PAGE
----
Hopes raised and dashed: why city was a powder keg
The standard narrative has Derry's Catholics starved of housing and jobs in the 1960s. Not true, says Brian Walker
There have been many calls for us to confront our past in relation to the recent conflict. Here is an area where historians can assist to help us understand what happened.
Sometimes myths and half-truths serve to obscure the past. There are political events in the 1960s which many unionists and loyalists have misunderstood; there are also matters and developments from this period which nationalists and republicans have misunderstood.
There is much misunderstanding about the situation in Derry/Londonderry pre-1968. It has often been claimed that Catholics and nationalists could not get houses and that the Stormont government starved the North West of industrial development.
This is wrong. In fact, there was a "vast programme" of new housing in Derry which had greatly benefited the Catholic population of the city.
The evidence for this is varied, but clear. First, anyone can see the pre-1969 housing in areas such as the Creggan.
Secondly, the Cameron Commission of 1969 refers specifically to the "vast programme" of new housing in Derry, especially in the south ward where two-thirds of Derry's Catholics resided.
From 1947 onwards, Derry Corporation and the Housing Trust had built many new homes, including the Creggan estate in the 1950s and the Rossville Street redevelopment in the early 1960s.
In her autobiography, Dana (Rosemary Brown) records how her family first lived in a new house in the Creggan and then moved, in 1967, to the Rossville Street flats. She talks of how these flats were "much admired when they were first built".
Why then was there a problem about housing in Derry? The reason was, as Cameron noted in 1969, "in recent years" the unionist-controlled corporation curtailed any new building to maintain its already weak electoral position, maintained by a gerrymandering of the wards.
After the early 1960s, the corporation stopped all new housing development, because the only available space was in areas which would affect the electoral balance in the city. Between 1961 and 1966, the population grew by nearly 2,000.
This created a crisis, because there were many families, particularly Catholic families, which needed new housing. In 1965, John Hume put forward a scheme for a major building project, but this was rejected, because it was in a unionist-controlled ward.
There were people still living in some of the temporary accommodation built at Springtown camp during the war and slum properties needed to be replaced.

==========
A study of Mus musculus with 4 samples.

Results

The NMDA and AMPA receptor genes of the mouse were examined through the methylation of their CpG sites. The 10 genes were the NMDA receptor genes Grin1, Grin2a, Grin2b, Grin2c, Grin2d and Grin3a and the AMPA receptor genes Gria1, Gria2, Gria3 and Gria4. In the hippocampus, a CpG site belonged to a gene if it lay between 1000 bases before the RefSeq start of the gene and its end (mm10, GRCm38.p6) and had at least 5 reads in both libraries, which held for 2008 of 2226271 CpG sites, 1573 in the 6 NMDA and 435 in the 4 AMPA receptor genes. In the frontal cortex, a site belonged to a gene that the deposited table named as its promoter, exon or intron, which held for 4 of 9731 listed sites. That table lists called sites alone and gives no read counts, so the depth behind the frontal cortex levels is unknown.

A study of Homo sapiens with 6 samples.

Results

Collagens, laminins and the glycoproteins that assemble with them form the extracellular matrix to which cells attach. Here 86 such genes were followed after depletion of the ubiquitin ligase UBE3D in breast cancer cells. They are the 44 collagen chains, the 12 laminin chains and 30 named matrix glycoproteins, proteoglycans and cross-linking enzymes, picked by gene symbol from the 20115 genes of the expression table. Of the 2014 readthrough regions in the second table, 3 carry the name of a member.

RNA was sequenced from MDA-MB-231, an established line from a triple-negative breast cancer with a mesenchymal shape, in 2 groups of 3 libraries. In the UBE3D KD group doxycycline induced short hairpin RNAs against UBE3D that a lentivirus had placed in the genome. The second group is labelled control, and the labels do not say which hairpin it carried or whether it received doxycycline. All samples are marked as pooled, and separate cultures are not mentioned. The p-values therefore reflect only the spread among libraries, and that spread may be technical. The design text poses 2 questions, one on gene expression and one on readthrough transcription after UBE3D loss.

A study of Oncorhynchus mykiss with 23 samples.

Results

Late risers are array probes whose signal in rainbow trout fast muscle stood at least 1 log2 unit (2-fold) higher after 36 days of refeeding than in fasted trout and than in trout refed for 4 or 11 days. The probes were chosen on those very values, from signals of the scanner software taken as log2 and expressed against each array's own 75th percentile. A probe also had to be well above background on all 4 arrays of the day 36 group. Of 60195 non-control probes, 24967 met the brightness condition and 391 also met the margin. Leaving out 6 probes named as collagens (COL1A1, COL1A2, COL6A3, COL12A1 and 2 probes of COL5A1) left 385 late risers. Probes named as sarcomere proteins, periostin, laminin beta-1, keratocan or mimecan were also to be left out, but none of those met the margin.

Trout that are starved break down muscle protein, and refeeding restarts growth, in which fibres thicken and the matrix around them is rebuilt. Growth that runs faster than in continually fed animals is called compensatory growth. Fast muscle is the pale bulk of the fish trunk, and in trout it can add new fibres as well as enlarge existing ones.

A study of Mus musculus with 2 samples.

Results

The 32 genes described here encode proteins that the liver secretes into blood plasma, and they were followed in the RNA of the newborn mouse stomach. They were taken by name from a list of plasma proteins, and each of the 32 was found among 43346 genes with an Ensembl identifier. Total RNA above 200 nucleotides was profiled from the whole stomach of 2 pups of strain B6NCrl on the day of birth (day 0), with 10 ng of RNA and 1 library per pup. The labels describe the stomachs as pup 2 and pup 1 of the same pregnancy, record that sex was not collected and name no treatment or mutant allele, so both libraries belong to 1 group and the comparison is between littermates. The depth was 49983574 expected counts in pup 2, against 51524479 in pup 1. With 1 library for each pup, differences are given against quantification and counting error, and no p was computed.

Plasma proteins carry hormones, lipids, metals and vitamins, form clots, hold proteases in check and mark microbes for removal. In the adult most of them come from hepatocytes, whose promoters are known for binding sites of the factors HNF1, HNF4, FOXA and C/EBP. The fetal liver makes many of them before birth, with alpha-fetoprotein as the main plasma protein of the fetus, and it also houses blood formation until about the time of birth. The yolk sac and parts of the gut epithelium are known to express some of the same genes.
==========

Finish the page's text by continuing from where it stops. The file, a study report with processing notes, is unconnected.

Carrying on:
The point, however, is that a crisis arose in the late 1960s in relation to housing for Catholics in Derry, not because there was little such provision for them, but because, after considerable such provision, this ended abruptly, causing well-deserved criticism.
What about jobs in Derry in this period?
It is sometimes claimed that Derry always suffered from unemployment and the Government failed to bring industry to the city.
This is incorrect. In fact, it could be argued that the Brookeborough Government of the 1950s was more successful in supporting jobs in the city than the current power-sharing Executive has been, in spite of its great efforts.
In November 1955, the Press, including the Belfast Telegraph and the Irish News, noted that there was "an employment boom" and "abundant work" in the city, with very little unemployment.
This was due not only to the presence of more than 30 shirt factories, but also to the success of Government economic policies in attracting to Derry a number of important overseas firms. These included Birmingham Sound Reproducers (BSR) and, later, Du Pont.
As a measure of the relative success of Government policies in the North West, we can observe that between 1926 and 1971 the population of Derry city and Londonderry county grew by nearly 30%, while the population of Donegal fell by nearly 30%.
BSR had received Government grants to set up in Derry and would receive a second round of support after it changed its name to Monarch Electric.
In early 1967, however, after the Government refused to give more grants, the firm closed down its Derry factory and relocated the work out of the country.
BSR had been the main male employer in the city, employing, at one stage, more than 2,000 men. This action by BSR not only caused severe unemployment, but destroyed people's expectations.
By the late-1960s, unemployment was a serious problem, but this had not been the case earlier.
In 1968, the crisis in Derry was not caused by long-term housing, or employment, problems, but by new problems. People's expectations had been raised and were now dashed.
This made the situation all the more volatile. Of course, there remained the old problem of the political control of the city.
All these factors provided ample grounds for the rise of a civil rights movement.